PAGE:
Haryana: The Haryana Cabinet on Tuesday unanimously passed the Jat Reservation Bill in the Vidhan Sabha. The bill proposes to include Jats and five other castes in backward classes by bifurcation. On Monday, the Haryana Cabinet gave its nod to a bill providing reservation in government jobs and educational institutions to Jats and four other castes. The move came a day after protesters threatened to resume their agitation if their demands were not met by March 31, the last day of the Vidhan Sabha’s Budget Session.
The draft reservation bill proposed six per cent reservation for Jats and four other castes in Class-I and II government jobs, and 10 per cent reservation for the five castes in educational institutions and Class III and IV government jobs.
The Jats had given an ultimatum till April 3 to the state government to meet their demand of reservation. A meeting of Jats from 13 states is likely to be held in New Delhi on April 3 to discuss the reservation issue and further course of action. At least 30 people lost their lives and over 320 were injured, besides private and government property suffered losses to the tune of hundreds of crores of rupees, during the Jat agitation and subsequent violence in February.
British computer scientist Tim Berners-Lee, who invented the World Wide Web, appealed on Monday for companies and governments not to leave behind half of the world population yet to have internet access, which includes billions of women and girls.
Berners-Lee told the opening of the Europe’s largest technology conference that everyone had assumed his breakthrough in 1989, that connected humanity to technology, would lead to good things – and it had for a while.
But he said the internet was “coming of age” and going awry, with fake news and issues with privacy, hate speech and political polarization, as well as a growing digital divide between those in richer and poorer countries.
He called on companies and governments to join a “contract for the web” by next May in order to rebuild trust in the internet and find new ways to monetize, regulate and ensure fair and affordable access to the online world.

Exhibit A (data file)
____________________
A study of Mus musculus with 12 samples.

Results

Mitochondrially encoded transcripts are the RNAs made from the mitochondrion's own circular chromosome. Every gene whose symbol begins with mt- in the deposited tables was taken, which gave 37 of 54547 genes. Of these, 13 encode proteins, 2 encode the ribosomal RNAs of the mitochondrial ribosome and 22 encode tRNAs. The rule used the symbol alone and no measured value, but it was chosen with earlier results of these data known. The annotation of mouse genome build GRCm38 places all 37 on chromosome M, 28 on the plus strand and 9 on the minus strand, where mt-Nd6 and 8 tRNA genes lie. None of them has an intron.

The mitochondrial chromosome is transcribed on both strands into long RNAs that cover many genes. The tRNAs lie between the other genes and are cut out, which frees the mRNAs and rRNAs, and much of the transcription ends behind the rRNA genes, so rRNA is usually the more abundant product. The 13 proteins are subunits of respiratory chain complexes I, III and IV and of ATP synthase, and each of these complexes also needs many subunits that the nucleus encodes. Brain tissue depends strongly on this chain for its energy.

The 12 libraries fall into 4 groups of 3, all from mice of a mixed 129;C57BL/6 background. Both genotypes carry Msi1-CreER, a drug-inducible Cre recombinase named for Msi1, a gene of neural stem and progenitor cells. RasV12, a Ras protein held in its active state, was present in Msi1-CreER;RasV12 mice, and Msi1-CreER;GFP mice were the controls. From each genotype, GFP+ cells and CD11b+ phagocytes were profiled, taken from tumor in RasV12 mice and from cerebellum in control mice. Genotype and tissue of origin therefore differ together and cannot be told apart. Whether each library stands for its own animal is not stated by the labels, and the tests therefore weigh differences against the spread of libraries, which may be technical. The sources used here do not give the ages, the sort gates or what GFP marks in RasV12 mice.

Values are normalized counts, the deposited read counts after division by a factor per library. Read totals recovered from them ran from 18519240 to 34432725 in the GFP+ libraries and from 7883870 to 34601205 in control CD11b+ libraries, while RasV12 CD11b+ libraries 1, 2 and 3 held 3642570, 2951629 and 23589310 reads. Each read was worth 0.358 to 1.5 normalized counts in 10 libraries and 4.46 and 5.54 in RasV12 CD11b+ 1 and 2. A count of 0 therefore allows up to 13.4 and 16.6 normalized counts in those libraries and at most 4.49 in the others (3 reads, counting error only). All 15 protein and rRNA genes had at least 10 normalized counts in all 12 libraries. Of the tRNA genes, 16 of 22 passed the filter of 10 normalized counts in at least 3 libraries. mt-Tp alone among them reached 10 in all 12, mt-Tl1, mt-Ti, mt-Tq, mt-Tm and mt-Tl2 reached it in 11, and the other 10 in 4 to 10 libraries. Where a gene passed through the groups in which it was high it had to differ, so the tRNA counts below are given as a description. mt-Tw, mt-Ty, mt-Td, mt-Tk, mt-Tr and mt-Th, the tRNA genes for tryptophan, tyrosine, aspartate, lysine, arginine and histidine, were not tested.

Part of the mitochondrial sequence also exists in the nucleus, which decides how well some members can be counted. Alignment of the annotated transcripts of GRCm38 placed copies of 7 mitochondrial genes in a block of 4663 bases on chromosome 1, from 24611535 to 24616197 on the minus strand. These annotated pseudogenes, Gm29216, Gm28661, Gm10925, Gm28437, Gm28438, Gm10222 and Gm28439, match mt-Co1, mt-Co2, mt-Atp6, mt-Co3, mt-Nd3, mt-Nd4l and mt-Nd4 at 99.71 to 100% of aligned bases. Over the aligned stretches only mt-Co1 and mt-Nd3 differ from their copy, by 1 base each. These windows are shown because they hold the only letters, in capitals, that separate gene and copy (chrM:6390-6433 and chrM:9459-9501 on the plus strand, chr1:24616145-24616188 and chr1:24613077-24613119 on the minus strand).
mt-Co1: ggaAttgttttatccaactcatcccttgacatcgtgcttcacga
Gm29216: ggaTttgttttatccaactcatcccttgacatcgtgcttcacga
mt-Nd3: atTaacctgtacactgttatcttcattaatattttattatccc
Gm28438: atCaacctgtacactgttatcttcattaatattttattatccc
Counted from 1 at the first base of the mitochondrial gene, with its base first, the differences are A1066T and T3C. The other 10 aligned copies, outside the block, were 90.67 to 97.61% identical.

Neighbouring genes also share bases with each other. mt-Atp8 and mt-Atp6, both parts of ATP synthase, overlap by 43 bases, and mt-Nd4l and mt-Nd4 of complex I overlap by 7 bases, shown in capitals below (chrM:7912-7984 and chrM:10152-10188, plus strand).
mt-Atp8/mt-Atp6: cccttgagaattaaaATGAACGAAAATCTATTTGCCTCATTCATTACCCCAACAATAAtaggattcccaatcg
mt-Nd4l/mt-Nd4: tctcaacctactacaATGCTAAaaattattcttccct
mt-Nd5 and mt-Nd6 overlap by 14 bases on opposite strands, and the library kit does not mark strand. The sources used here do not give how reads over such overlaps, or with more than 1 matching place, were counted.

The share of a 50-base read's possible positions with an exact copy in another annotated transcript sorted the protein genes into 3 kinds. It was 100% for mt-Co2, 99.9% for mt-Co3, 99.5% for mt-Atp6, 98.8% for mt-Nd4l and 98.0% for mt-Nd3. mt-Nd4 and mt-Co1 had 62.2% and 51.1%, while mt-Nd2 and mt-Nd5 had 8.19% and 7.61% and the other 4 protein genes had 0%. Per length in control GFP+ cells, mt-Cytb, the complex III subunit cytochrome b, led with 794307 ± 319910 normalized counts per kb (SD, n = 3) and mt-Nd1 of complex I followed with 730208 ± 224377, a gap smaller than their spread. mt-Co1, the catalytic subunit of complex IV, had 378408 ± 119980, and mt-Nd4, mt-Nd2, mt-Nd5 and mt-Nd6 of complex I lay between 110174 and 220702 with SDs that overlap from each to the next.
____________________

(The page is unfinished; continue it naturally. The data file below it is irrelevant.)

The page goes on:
“Everything we do … to make the web more powerful, it means we increase the digital divide,” Berners-Lee, 63, told the opening of the ninth edition of the Web Summit, dubbed “the Davos for geeks,” that attracts up to 70,000 people. “We’ve an obligation to look after both parts of the world.”
Berners-Lee highlighted studies showing that half of the world population will be online by next year – but the rate of take-up was slowing considerably, potentially leaving billions cut off from government services, education and public debate.
His concerns were echoed by U.N. Secretary-General Antonio Guterres who stressed the need for a “digital future that is safe and beneficial to all” to meet the United Nation’s global goals of ending inequality and extreme poverty by 2030.
In 2016 the United Nations passed a resolution to make disruption of internet access a violation of human rights.
Google’s head of philanthropy, Jacqueline Fuller, said it was huge milestone for the web to reach 30 next year, adding her company was one of 50 organizations to have already signed up to the pact developed by Berners-Lee’s World Wide Web Foundation.
Other supporters include Facebook, British billionaire entrepreneur Richard Branson and the French government.
“This is also a great opportunity for us,” Fuller told the Web Summit. “Women and girls are much less likely to have access (to the internet).”